Employees Don’t Like How You’re Talking to Them

employees don't like the way you talk to them

According to a new study 45% of workers are unhappy with how senior management communicates important information to them – especially remote workers, who are often left completely out of the loop.

Kollective surveyed 2000 people in the US and UK about their attitudes to work, particularly workplace communication. That emphasis was obviously determined by Kollective’s business interest, which is to sell video conferencing and related tools, but despite that, I think there are some insights worth considering in the report.

General Communication Doesn’t Satisfy

The study revealed discomfort with several modes of communication, including posters, general email blasts and over-reliance on the office grapevine, and a general preference for in person communication. What I think drives his dissatisfaction isn’t necessarily a need for in person communication – in a larger a CEO can’t speak to every employee personally, after all – but the lack of personalization and value.

General communication is just that – general. It doesn’t have the exact information that each employee needs, be it to do their job or to take advantage of the company’s benefits package. If your main method of communicating with employees is to always try to reach the widest possible group of them, then you aren’t communicating meaningfully with your employees. You’re just dumping information that they may or may not need.

General information is important in the sense that there is some information you absolutely must make available to all employees (state or federally mandated workplace posters are one example), but it can’t be the only way business leaders talk with employees.

Getting Personal Without In Person

There’s something about in person communication that can be more satisfying than other forms. It’s quick – because there’s no back and forth through your phone or computer. It’s makes empathy a little easier – because it’s harder to misinterpret each other when you’ve got body language and tone to work with. And often, business leaders can use one-on-one meetings or conversations to create a sense of recognition, that they know and see the value of all their employees.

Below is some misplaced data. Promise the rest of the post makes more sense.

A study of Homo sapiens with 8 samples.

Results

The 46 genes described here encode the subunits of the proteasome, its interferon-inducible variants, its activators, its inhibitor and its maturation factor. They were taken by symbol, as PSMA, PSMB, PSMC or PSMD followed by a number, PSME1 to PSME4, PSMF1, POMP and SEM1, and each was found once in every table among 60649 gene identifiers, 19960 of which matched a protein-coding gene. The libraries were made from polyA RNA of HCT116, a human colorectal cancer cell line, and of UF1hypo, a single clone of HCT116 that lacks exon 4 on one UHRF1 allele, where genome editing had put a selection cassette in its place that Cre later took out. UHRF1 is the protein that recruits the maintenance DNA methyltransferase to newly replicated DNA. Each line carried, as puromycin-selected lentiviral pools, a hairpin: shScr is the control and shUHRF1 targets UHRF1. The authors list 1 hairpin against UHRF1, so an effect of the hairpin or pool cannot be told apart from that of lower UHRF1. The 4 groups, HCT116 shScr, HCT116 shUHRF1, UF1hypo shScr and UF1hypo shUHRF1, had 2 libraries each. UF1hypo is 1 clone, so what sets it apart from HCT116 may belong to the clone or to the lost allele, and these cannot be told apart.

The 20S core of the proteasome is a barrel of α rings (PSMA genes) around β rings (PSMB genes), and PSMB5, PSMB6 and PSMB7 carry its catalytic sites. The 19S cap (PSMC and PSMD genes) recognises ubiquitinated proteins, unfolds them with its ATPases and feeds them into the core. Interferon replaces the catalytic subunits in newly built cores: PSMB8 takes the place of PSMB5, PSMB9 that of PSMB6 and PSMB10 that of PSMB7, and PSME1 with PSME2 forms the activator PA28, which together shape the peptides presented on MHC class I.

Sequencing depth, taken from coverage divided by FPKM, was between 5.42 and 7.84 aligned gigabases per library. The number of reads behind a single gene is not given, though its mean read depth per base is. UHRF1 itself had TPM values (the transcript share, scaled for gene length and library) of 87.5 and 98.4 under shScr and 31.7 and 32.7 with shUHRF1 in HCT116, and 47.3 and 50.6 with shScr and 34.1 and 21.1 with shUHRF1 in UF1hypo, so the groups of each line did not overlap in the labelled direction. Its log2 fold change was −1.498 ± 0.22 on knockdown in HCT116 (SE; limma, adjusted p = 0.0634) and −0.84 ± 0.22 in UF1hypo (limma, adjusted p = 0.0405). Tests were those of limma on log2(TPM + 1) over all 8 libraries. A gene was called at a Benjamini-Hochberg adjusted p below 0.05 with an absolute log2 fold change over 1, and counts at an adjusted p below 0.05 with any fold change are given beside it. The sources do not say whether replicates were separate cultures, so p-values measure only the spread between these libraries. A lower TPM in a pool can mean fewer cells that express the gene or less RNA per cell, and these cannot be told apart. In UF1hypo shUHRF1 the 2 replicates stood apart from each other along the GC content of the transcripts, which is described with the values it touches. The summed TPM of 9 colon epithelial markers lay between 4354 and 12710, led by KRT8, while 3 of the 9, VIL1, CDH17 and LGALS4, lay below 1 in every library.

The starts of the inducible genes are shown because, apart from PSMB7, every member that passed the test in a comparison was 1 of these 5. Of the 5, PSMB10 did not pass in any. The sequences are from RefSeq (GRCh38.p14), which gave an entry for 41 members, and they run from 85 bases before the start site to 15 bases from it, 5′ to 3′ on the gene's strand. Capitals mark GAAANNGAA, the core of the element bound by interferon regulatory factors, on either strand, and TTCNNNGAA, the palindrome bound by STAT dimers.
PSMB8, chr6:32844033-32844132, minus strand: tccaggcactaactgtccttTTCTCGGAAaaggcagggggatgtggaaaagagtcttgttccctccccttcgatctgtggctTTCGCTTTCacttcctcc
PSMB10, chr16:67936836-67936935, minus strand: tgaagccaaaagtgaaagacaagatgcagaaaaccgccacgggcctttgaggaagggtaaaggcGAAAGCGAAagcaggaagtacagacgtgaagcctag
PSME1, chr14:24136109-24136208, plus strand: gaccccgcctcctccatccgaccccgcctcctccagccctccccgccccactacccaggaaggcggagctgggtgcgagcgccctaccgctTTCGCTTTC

In person, for a variety of reasons, isn’t always practical, but it’s possible to get personal without being in person. If you want to go with Kollective’s advice on this, video conferencing is a good option. But just changing up what’s in your toolbox won’t do anything if you don’t have a communication strategy aimed at engaging and informing employees. People who haven’t been satisfied with your email blasts and posters won’t be happy just because you switched to doing videos – those videos have to be meaningful, targeted and worth watching.

For me, the most important takeaway from Kollective’s study is that a sizeable group of your employees are unhappy with the way business leaders talk to them. Changing that will require taking a long look at what your communication efforts are like now, and well, actually talking with your workers to get a sense of what they want and need from you.

You need to think about internal communications differently, looking for opportunities to connect with employees and ways to get them the most important information quickly and without friction.


Former recruiter, HR pro and Workology editor. Comics, cheese and political economy.

Reader Interactions


  1. Rachel Stones says

    I agree! As a remote worker for two different companies, I daily see the difference between good and bad communication. One company is consistently poor in their communications. Everything is last minute and a surprise, not because the information or project isn’t available, but because it hasn’t been communicated. It can sometimes make the work stressful.